Soania Mathur

Dr. Soania Mathur is a family physician living outside of Toronto, Ontario who had to resign her practice as a result of her Young Onset Parkinson's Disease a full twelve years after her diagnosis at age 27. Now she is a dedicated speaker, writer, educator and Parkinson's advocate. She speaks passionately about the challenges of adjusting physically and emotionally and the coping strategies available to patients.

Dr. Mathur is an active speaker with the Parkinson’s Society of Canada at patient-directed conferences and also serves as a resource for education projects. She works with The Michael J. Fox foundation for Parkinson’s Research and serves on their Patient Council. She is a member of The Brian Grant Foundation Advisory Board that helps to create educational programming.

She is the founder of Designing A Cure Inc., which was initially created to raise funds directed towards research and awareness of Parkinson's Disease and now serves as a platform to educate and inspire those living with this disease to take charge of their lives, to live well with Parkinson's.

Dr. Mathur has a special interest in helping educate the youngest affected by the stress of this chronic disease. To help facilitate dialogue between children and their loved ones, she has authored two books: My Shaky Grandpa and Shaky Hands, Loving Hands – A Children’s Guide To Parkinson’s Disease (awaiting publication).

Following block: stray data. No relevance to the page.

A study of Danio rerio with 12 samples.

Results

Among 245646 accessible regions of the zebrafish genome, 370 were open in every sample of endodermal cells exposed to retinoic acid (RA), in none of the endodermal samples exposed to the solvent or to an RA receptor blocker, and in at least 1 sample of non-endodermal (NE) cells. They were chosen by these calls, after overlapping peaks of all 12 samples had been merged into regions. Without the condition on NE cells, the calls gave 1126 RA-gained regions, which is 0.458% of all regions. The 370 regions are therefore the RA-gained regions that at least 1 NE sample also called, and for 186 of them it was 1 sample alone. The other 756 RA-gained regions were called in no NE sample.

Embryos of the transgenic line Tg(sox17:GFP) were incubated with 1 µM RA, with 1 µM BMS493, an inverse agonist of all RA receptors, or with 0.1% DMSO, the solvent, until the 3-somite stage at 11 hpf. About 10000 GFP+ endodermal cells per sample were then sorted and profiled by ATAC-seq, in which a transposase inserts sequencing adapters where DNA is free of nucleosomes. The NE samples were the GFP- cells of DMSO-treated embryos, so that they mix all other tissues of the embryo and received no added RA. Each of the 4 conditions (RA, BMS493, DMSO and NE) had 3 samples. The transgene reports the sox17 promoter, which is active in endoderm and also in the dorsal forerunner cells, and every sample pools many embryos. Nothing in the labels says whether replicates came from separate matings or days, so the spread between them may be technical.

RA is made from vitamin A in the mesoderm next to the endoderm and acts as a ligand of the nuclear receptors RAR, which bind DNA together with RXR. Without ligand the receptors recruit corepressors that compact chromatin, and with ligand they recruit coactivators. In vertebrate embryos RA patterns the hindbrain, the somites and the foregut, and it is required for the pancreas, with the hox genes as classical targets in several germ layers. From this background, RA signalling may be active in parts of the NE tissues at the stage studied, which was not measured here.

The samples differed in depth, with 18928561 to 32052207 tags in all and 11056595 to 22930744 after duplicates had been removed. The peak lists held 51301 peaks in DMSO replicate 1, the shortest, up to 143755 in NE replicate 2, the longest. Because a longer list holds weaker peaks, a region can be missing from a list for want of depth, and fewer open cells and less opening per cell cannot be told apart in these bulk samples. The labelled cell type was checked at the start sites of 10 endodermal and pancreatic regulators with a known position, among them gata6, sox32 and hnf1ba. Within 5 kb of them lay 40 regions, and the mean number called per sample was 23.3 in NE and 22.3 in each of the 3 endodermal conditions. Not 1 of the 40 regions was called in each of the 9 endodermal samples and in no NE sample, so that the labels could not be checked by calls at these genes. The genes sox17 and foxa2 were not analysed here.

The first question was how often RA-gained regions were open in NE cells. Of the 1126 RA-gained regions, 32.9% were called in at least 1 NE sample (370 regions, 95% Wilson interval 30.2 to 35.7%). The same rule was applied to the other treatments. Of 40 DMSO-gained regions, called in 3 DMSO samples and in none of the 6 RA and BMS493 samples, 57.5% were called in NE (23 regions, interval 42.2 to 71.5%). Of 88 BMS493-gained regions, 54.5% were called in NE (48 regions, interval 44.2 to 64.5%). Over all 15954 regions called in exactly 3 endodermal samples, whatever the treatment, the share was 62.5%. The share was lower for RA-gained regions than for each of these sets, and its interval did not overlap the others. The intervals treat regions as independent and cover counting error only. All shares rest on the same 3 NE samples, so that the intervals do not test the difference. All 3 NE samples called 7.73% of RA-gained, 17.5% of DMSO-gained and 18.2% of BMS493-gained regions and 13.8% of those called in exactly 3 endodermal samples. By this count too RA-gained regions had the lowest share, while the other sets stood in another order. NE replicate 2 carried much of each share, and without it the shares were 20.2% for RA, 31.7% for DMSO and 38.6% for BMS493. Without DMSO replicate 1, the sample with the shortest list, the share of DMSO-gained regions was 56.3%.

Recently, Dr. Mathur launched a new company Hippylicious (www.myhippylicious.com) which is dedicated to providing parents with all natural, non-toxic personal care products for their families in an effort to reduce their toxin load, a factor that she believes is significant in the development or exacerbation of many diseases.

Most importantly, she is the proud mother of three beautiful daughters and married to her loving and supportive husband Arun, a Urologic surgeon.

For more information, please visit myhippylicious.com.

Entries by Soania Mathur

We may not have control over the obstacles that life presents us, but how I face those challenges is mine to determine.

Triumph Over the Toughest Challenges

I was 27 years old, at the start of my medical career and expecting my first child, when the neurologist confirmed what the first clinician had suspected – the tremor I had been experiencing over the preceding year was Young Onset Parkinson’s Disease, a progressive neurodegenerative disease for which there is no cure. The diagnosis was made and my dance with denial, fear, anger and secrecy began, one that lasted almost a decade. Thoughts of disability and helplessness eventually turned to hope and optimism but the transformation was a painful and difficult process. My story however is not unique. Each… Read more.